No. If you file W8-BEN (which is afaik default with IB), then L1 will not be deducted, only L2 which you get back with DA-1.
With SQ you have to file W8-BEN manually with them and then the procedure is basically the same. If you don’t do it, then L1 will be deducted and be gone for good (unless you approach IRS), and L2 will be deducted but you get back with DA-1.
If you do everything properly, i.e. file the W8-BEN with your broker and do the tax declaration including DA-1, in the end you’ll effectively pay only the income tax (at your personal marginal income tax rate) on those dividends, as you should, and nothing else.
Correct with one caveat. If your effective (average) tax rate in Switzerland is lower than 15%, you still pay 15% in total on those US dividends, not your lower tax rate. The marginal tax rate is not considered for withholding tax credits.
I.e. DA-1 eliminates double taxation but you will always pay at least 15% because that’s the tax rate from the double taxation agreement.
Yeah, I know. My point was to make it as simple as possible, as purpleblau was getting even more confused with all the new information they were learning.
So, if you don’t care where exactly your tax money ends up and in which proportions, and how it’s routed on the way there, and all you care how much you pay, it’s as simple as paying income tax. Kind of
After reading @Patron post, I thought I could claim all 30% back. You guys shattered my dream.
I will make this as simple as I can: L1 will not be deducted when filed properly. L2 can be reclaimed when filing the DA-1 form. But you will still be taxed 15% on those dividend and not by the marginal tax rate (income tax rate).
My final question is: If I get taxed 15% anyway, why would I or people still have the incentive to file the DA-1 form? It’s deducted anyway, if I don’t file it. If I file it, it’s also deducted by the Swiss tax authority. What is the point of filing the DA-1 in the first place? Just to abide the law? C’mon…give me another good reason.
It’s starting to get repetitive. The normal case with Swiss brokers is that 30% are deducted (15% US WHT and 15% Swiss R-US). When you file DA-1 you get the whole 30% deposited into your bank account. You have to pay taxes on the dividend but that might be less than 30%.
I.e. with Swiss brokers it’s not much different to Swiss dividends with 35%.
This assumes the Swiss broker is a qualified intermediary (QI), W8-BEN has been filed and your effective tax rate is at least 15%.
Side-note: There are tons of ways to evade taxes. I’m sure some people do but I still expect most people to declare all their assets.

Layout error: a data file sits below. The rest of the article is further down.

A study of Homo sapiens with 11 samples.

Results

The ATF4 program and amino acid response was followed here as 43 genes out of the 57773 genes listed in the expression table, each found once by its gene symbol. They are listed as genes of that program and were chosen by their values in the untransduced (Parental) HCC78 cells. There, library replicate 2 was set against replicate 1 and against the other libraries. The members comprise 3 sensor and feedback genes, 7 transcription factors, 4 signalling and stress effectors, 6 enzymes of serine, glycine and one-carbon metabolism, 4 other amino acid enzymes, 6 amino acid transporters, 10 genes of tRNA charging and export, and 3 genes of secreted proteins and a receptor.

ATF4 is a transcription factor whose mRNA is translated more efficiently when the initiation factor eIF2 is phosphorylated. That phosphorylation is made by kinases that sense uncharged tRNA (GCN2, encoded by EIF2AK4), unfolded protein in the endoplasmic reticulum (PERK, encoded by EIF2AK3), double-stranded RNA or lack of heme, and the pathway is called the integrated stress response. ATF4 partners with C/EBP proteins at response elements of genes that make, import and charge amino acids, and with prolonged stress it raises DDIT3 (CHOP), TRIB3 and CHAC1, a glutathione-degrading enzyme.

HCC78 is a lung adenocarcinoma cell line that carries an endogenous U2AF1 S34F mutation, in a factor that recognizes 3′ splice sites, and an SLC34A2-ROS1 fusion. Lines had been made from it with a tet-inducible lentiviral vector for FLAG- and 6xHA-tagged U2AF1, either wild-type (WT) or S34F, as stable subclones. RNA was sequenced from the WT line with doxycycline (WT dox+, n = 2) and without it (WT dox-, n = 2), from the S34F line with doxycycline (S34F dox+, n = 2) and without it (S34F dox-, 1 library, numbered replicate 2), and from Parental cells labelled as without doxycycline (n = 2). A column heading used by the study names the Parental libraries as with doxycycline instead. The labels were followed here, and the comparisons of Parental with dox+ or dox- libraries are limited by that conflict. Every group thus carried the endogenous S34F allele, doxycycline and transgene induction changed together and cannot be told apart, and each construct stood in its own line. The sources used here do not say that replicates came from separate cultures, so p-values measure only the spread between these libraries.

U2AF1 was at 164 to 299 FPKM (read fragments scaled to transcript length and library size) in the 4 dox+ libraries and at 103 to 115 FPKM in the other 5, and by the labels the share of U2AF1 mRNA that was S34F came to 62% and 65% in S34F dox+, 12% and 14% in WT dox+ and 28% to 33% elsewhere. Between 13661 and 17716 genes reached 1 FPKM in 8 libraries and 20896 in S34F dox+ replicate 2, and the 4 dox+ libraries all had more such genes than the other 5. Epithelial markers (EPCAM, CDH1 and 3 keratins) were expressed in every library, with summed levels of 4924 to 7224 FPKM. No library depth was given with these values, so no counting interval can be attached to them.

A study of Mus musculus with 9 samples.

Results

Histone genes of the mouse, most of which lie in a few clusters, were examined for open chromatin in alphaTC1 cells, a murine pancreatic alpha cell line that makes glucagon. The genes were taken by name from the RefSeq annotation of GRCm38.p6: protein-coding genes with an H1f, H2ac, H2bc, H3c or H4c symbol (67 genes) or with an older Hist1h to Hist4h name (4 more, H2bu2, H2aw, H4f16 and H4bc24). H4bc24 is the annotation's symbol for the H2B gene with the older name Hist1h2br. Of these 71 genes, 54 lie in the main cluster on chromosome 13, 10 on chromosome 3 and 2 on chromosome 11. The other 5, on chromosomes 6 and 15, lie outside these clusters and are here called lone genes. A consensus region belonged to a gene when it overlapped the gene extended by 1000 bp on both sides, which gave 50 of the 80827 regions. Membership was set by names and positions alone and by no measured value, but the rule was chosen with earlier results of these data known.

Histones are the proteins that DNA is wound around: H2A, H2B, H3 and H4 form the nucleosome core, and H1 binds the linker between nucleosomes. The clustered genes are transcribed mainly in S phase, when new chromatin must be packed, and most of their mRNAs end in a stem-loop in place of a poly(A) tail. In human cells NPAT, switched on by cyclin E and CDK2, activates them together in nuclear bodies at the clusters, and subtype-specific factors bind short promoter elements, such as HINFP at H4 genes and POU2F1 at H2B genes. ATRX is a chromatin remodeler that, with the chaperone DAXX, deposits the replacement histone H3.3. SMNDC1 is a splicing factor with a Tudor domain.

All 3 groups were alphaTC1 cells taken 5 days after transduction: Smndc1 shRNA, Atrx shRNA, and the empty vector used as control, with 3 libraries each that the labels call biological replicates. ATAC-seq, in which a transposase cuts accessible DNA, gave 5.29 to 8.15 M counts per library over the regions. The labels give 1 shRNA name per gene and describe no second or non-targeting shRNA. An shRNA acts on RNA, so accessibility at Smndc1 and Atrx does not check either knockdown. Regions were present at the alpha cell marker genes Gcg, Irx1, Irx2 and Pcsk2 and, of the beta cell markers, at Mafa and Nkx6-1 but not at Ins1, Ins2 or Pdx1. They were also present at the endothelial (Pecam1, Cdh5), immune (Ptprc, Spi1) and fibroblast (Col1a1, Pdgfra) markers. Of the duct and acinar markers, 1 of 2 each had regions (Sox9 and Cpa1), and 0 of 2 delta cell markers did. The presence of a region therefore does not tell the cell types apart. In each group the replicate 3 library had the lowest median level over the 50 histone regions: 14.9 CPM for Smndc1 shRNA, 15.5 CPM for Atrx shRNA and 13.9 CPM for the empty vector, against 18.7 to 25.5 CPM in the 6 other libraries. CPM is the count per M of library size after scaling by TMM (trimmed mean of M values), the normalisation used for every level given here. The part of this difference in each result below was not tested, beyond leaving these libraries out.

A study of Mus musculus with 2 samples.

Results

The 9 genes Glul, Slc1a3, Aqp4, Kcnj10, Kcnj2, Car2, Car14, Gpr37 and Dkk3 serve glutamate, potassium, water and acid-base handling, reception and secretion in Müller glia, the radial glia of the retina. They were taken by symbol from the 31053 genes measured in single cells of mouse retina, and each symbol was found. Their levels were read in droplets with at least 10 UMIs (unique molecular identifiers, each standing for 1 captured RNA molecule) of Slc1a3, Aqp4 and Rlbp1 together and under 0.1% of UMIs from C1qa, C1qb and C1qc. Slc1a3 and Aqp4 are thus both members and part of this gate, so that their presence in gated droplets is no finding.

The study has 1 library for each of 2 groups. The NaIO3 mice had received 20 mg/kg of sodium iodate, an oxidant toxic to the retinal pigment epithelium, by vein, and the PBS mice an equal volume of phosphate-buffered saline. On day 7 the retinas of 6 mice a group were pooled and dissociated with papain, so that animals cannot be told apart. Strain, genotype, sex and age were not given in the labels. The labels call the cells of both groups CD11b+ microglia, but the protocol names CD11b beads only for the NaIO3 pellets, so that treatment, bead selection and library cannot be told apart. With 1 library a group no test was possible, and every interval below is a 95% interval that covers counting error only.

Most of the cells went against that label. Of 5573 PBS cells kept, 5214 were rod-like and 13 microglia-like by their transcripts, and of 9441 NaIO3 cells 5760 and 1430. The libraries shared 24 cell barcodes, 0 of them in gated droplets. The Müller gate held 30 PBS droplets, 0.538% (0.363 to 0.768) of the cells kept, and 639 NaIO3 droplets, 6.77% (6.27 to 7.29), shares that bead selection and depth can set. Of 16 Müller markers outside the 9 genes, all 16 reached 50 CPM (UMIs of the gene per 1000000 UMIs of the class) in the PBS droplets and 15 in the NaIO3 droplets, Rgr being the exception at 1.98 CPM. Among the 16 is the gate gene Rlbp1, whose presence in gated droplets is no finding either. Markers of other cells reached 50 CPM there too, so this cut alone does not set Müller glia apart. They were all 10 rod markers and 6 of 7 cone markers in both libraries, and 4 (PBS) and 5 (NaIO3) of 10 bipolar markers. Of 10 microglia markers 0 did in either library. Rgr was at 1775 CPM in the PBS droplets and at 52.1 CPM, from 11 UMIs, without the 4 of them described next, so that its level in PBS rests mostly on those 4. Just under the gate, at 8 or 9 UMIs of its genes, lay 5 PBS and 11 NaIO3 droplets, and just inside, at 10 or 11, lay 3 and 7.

What you don’t understand (other that the fact that you must follow the law) is that if you have income that you didn’t declare, you will get catched one year or the other. That day you will have to pay the taxes for the last 10 years and you won’t be able to claim back the 15%
And I get it that I pay taxes on dividends. I never said I wouldn’t pay taxes, that’s not the point. I just wanted to point out that the whole process is extremely cumbersome and complicated which doesn’t bring any benefits. I have to pay the more or less the same taxes on those dividends regardless if I declare them or not.
I’ve never said I wouldn’t pay taxes or wanted to evade taxes. That part I think I understood very well. I was just questioning the whole filing process. It didn’t make us the tax payers any easier. That’s all.
The declaration is not any more complicated than for Swiss stocks/ETFs. Or Irish ETFs where there is no (L2) withholding tax at all. It’s just a different form. In tax software it’s just one extra click or so. And W8-BEN is normally handled by the broker without any extra effort.
The funny thing is, Swissquote never let me fill out the W8-BEN when I opened the account. Being a QI, that’s kinda not so professional. Now, my US dividends from Swissquote all got cut by 30%. They expect the investors to file that form manually and submit it to them.
15% will be withheld in the U.S. (to be offset against your Swiss taxes by DA-1).
15% will be withheld by the Swiss Intermediary (to be reclaimed from the CH tax authority by R-US).
Point being: Swiss-citizen swiss-resident investors with Swissquote will (generally) never receive more than 70% of the gross amount from U.S. dividends (though they may be able to reclaim the additional 15% deduction back).
Are you sure? When I asked Swissquote some time ago they said the procedure would be the same as with foreign brokers. I just would have to fill out W8-BEN and send it to them and then they will deduct only 15% instead of 30%.
I’ve never tried it because I didn’t buy any US securities with SQ. I asked Yuh about it because there you could buy only VT and that’s why I asked them about it. They said with Yuh it is not possible but with SQ it would be possible, and that’s why I approached SQ and asked.